An important challenge the industry faces today is the issue of misleading fibre advertising.
We believe that misusing the word “fibre” in advertisement confuses end-users’ choices, reduces the attractiveness of the fibre brand and works against public objectives to generalise access to full fibre connectivity.
First of all, most of the end-users don’t have the technical knowledge to identify advertising practices using “fibre” or “fibre speeds” when the advertised product is not genuinely based on a full fibre connection. Misusing the word fibre in advertisements prevents the consumers from making an informed choice about the products which are available to them as consumer thinking they already have full fibre will never switch to a FTTH connection.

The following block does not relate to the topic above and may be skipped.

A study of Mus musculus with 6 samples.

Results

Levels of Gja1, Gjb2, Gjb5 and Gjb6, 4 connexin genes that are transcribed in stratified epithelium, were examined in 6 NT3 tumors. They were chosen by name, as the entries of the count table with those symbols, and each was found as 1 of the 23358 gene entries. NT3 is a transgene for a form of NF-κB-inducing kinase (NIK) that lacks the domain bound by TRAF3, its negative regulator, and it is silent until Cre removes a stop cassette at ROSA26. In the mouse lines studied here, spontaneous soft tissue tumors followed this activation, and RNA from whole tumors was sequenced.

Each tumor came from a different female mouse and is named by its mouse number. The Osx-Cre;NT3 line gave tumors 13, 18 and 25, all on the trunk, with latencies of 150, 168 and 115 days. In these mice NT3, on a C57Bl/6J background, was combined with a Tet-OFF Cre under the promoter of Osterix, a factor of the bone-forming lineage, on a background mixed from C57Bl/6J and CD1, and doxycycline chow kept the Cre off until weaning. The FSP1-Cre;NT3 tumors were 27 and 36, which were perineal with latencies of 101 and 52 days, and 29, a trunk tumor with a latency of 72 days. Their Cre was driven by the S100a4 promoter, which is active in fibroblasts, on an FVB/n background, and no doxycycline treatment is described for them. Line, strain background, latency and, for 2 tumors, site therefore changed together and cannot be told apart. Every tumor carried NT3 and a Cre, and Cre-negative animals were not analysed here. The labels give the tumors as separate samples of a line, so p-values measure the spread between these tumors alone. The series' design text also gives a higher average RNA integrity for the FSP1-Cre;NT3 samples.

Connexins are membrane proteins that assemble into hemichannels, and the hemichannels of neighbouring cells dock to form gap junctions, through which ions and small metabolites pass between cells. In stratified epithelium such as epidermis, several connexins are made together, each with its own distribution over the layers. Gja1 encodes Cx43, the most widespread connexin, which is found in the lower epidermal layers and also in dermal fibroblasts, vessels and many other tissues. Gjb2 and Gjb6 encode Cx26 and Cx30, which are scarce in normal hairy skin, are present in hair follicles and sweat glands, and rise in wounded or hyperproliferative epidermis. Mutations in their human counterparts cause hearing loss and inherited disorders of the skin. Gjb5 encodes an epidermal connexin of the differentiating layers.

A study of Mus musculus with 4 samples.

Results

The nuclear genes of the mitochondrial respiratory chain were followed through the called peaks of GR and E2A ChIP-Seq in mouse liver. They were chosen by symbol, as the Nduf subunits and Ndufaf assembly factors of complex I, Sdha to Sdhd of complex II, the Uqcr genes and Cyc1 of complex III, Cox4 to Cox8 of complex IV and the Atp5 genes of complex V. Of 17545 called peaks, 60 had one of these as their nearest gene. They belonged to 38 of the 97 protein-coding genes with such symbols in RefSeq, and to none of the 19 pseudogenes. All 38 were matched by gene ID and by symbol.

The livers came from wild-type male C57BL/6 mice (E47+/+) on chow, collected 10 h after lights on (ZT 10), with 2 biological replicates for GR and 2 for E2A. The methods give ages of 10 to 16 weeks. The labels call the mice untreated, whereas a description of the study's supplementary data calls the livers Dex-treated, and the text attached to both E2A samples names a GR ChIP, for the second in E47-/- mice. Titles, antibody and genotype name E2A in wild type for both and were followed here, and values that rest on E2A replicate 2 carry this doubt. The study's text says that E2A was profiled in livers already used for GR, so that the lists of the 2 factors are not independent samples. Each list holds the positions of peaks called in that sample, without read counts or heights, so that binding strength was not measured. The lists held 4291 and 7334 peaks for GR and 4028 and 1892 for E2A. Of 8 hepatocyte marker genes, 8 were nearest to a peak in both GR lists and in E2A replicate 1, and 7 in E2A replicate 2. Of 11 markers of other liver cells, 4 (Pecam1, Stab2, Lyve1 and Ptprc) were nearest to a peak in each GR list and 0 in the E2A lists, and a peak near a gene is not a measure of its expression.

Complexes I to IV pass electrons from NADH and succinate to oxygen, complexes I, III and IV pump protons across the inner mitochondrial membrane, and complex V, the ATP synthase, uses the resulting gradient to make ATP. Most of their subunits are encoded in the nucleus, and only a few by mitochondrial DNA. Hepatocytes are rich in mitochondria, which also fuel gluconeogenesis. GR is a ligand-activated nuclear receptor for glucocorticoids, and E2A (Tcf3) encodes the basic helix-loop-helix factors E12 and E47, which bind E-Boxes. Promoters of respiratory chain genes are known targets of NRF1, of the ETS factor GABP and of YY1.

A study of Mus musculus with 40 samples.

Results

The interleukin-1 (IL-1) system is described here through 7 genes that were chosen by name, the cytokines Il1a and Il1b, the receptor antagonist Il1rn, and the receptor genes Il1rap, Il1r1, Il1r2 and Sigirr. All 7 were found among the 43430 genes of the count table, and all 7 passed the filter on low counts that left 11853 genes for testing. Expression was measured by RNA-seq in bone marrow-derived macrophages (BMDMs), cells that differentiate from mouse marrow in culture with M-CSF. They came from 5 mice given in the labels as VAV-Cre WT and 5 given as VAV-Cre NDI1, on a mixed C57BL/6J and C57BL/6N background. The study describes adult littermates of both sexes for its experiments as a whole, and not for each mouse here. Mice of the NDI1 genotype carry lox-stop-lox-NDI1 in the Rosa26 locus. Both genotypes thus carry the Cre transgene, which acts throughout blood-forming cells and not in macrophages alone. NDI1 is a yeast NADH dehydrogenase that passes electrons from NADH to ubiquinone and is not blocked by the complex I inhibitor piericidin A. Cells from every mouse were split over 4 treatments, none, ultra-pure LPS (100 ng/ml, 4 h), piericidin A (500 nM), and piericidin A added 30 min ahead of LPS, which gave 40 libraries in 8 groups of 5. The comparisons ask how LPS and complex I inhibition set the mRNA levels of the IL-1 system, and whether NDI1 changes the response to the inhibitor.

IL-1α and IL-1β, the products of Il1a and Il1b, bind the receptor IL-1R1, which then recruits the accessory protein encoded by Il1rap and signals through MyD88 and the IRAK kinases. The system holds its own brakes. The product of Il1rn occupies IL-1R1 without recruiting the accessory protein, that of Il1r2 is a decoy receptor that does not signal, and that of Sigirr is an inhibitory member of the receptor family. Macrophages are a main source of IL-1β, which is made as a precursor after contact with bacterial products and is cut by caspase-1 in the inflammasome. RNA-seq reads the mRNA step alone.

While most of the population is not aware of which connection they have, a study by the FTTH Council Europe showed that where consumers know what they can choose from and understand the difference in performance between fibre and copper-based connections, they consciously choose fibre. The degree of satisfaction of FTTH end-users is substantially higher than recorded for any other Internet access technology in Sweden and 94% of non-FTTH users would consider subscribing to FTTH if it was made available in their area. Selling inferior copper-based connections as fibre undermines the value proposition of real fibre and undercuts the investment case for full fibre deployment.
We are firmly convinced that the National Regulatory Authority (NRAs) or Digital/Telecom Ministries are better placed to intervene compared to Advertising Authorities and that policy approaches to advertising broadband should be better aligned with the objectives established under the EECC.
Finally the FTTH Council Europe calls for the introduction of a ‘fibre-ready’ label for new buildings and major renovations, this label would empower consumers to make an informed choice about the products which are available to them and would have a positive impact on take-up.